19.8.16

MORE FALSE ECONOMIES.

Six years ago, I took a ride on the Coast Starlight.  In those days, there was a wine tasting in the Pacific Parlour Car, for a small extra charge.  I skipped on that ... paying money to indulge in Arch Deluxe, which is what the whole wine thing is, is contrary to my Yankee principles.  But the Parlour Car, a converted Santa Fe high level lounge, is a good place to hang out before dinner.


Prosit!

The wine-tastings are still on offer, but travel writer Jim Loomis wasn't impressed with his experience.
I was anticipating the kind of presentation I have enjoyed literally dozens of times before, with the attendant pouring one wine at a time and offering a brief description of each. This time, however, he placed three small plastic “wine glasses” on the little table in front of me and poured a red wine into the first glass, another red into the second glass, and a white wine into the third glass. And thus ended the wine tasting. A woman seated across from me–this was also her first long-distance Amtrak ride- rolled her eyes.

This half-assed stuff is really starting to piss me off. Sleeping car passengers are already being nickel-and-dimed. I don’t like it, although I understand why the Amtrak brass thinks it’s necessary. But obviously the on-board staff has seen it and it’s affected how some of them do their jobs: cutting a few corners here, saving a little time there. It is by no means universal, but I think it’s understandable. After all, management is doing it.

But it’s deplorable. A car attendant or a dining car server taking shortcuts and not providing the kind of attention and service passengers deserve and for which they are already paying top dollar — that’s not helping to improve Amtrak’s bottom line. In fact, when a family of four takes their first overnight train ride, it’s their interaction with those on-board employees that can boost the overall experience rating “good” to “memorable” … and result in another Amtrak trip next year.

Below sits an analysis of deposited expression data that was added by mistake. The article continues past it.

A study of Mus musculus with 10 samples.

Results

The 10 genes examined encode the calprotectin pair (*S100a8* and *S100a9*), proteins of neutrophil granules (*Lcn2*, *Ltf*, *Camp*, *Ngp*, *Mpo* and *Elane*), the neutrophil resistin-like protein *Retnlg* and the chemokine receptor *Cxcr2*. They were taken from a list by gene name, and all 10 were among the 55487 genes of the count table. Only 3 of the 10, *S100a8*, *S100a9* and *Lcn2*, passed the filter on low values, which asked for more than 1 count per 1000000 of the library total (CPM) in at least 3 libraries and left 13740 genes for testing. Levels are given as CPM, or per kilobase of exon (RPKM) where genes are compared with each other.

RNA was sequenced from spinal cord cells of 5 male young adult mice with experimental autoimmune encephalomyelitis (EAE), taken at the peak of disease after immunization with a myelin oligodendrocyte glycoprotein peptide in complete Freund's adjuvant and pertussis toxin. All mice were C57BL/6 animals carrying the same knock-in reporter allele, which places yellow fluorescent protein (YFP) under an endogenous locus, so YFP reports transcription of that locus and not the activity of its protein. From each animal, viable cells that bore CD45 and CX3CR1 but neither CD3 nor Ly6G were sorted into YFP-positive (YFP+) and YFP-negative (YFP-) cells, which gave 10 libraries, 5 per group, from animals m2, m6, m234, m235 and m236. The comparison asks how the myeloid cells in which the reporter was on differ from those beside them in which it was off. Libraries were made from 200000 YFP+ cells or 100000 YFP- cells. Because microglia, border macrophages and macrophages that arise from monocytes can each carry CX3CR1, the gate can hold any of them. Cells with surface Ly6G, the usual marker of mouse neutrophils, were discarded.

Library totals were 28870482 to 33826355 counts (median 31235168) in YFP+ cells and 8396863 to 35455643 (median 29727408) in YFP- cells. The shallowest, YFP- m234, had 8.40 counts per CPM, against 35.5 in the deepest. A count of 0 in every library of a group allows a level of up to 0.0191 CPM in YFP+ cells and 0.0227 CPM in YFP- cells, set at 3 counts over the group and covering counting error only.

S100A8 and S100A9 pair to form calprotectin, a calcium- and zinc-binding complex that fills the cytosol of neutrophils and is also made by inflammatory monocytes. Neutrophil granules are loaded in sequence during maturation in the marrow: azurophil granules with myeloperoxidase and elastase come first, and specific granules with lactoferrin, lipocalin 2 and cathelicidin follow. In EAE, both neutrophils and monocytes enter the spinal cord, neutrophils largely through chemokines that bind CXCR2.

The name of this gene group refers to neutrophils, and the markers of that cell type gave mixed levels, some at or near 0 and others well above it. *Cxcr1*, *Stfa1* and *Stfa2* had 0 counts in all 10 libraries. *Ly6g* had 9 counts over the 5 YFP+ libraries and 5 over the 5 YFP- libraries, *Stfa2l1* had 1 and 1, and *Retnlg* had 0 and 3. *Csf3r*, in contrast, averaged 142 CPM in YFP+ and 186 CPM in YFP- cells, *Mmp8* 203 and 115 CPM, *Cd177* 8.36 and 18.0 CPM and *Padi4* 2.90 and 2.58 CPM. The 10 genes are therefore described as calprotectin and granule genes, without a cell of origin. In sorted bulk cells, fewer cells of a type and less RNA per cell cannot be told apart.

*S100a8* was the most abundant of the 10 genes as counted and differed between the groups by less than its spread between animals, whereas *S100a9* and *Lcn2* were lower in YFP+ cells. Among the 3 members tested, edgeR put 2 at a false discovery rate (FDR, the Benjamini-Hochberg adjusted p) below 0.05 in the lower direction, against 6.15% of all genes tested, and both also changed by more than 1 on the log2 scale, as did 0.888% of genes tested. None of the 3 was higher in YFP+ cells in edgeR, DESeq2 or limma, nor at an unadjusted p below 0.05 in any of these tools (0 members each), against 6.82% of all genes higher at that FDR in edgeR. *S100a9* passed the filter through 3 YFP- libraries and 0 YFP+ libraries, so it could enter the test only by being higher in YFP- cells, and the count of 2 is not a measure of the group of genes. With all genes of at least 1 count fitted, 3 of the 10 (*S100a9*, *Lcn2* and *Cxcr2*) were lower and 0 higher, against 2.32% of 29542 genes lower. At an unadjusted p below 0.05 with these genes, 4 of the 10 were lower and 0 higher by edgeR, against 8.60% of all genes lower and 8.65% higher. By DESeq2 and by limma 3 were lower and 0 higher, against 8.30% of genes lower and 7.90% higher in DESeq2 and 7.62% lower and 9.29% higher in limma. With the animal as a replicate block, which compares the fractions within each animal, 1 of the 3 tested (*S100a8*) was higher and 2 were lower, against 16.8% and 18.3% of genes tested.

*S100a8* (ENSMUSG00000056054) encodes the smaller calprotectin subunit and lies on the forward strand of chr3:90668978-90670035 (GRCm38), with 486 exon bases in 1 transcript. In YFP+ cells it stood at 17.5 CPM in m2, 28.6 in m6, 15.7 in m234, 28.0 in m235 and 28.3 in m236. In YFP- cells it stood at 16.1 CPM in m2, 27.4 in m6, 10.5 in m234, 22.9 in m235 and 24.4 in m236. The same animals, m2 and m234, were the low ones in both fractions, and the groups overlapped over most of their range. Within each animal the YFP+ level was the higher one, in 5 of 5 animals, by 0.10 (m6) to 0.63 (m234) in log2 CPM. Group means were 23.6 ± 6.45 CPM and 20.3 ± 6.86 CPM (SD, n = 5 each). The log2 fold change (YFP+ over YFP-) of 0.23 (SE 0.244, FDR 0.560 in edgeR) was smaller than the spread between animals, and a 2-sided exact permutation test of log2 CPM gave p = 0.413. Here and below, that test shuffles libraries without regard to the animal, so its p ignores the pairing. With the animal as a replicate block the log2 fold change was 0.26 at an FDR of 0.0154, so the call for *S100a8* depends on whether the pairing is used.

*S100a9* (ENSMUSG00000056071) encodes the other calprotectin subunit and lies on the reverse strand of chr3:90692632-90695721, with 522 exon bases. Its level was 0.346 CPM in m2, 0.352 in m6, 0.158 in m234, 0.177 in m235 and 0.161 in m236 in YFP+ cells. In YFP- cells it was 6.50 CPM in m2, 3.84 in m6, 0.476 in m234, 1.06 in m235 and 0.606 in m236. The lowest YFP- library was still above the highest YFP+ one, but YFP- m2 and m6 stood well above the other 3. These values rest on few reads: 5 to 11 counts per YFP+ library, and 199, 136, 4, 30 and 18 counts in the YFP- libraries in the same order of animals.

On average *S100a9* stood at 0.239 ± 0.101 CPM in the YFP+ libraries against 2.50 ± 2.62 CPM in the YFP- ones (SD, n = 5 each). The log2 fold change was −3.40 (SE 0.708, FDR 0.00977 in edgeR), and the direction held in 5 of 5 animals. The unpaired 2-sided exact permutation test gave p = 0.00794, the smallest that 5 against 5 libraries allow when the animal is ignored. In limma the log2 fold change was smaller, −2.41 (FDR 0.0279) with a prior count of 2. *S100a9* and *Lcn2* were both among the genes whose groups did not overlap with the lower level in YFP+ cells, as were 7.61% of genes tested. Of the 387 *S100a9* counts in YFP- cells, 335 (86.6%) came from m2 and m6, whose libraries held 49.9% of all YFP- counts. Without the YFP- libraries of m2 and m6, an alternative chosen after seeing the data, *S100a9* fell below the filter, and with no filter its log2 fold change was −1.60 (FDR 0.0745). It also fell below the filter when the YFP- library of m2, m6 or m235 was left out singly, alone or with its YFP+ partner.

Downsizing is a false economy. It's rampant all over Amtrak's network, including periodic withdrawals of the Parlour Cars for "maintenance."  (That's another way the old Soviet Union concealed that they were running out of everything, pretending that facilities were being "rehabilitated."  Only slightly more positive than rehabilitating enemies of people shot in Stalin years.)

And it puts staff in a difficult position: make the effort right, and after a while, it's a grind to have to apologize or explain.  Or cut corners and make do.
[S]omewhere on the To-Do list has got to be a serious effort to boost on-board employee morale and restore consistency and quality-control to the standards and procedures that have been successful in the past. Case in point: the parlor car attendant I mentioned above. Yes, he did a half-assed job with the wine tasting, but otherwise he was, in fact, friendly and personable.

The on board crews need to see and hear some optimism from the Amtrak leadership. They’re still doing their jobs capably and professionally, but they’re discouraged. Somehow, that has to change.
Yes, and the people who have other options will explore other options. Despite the depredations of Hope and Change, employers continue to seek people of ability. Some might even equip their hires with the right working conditions and the tools to do the job.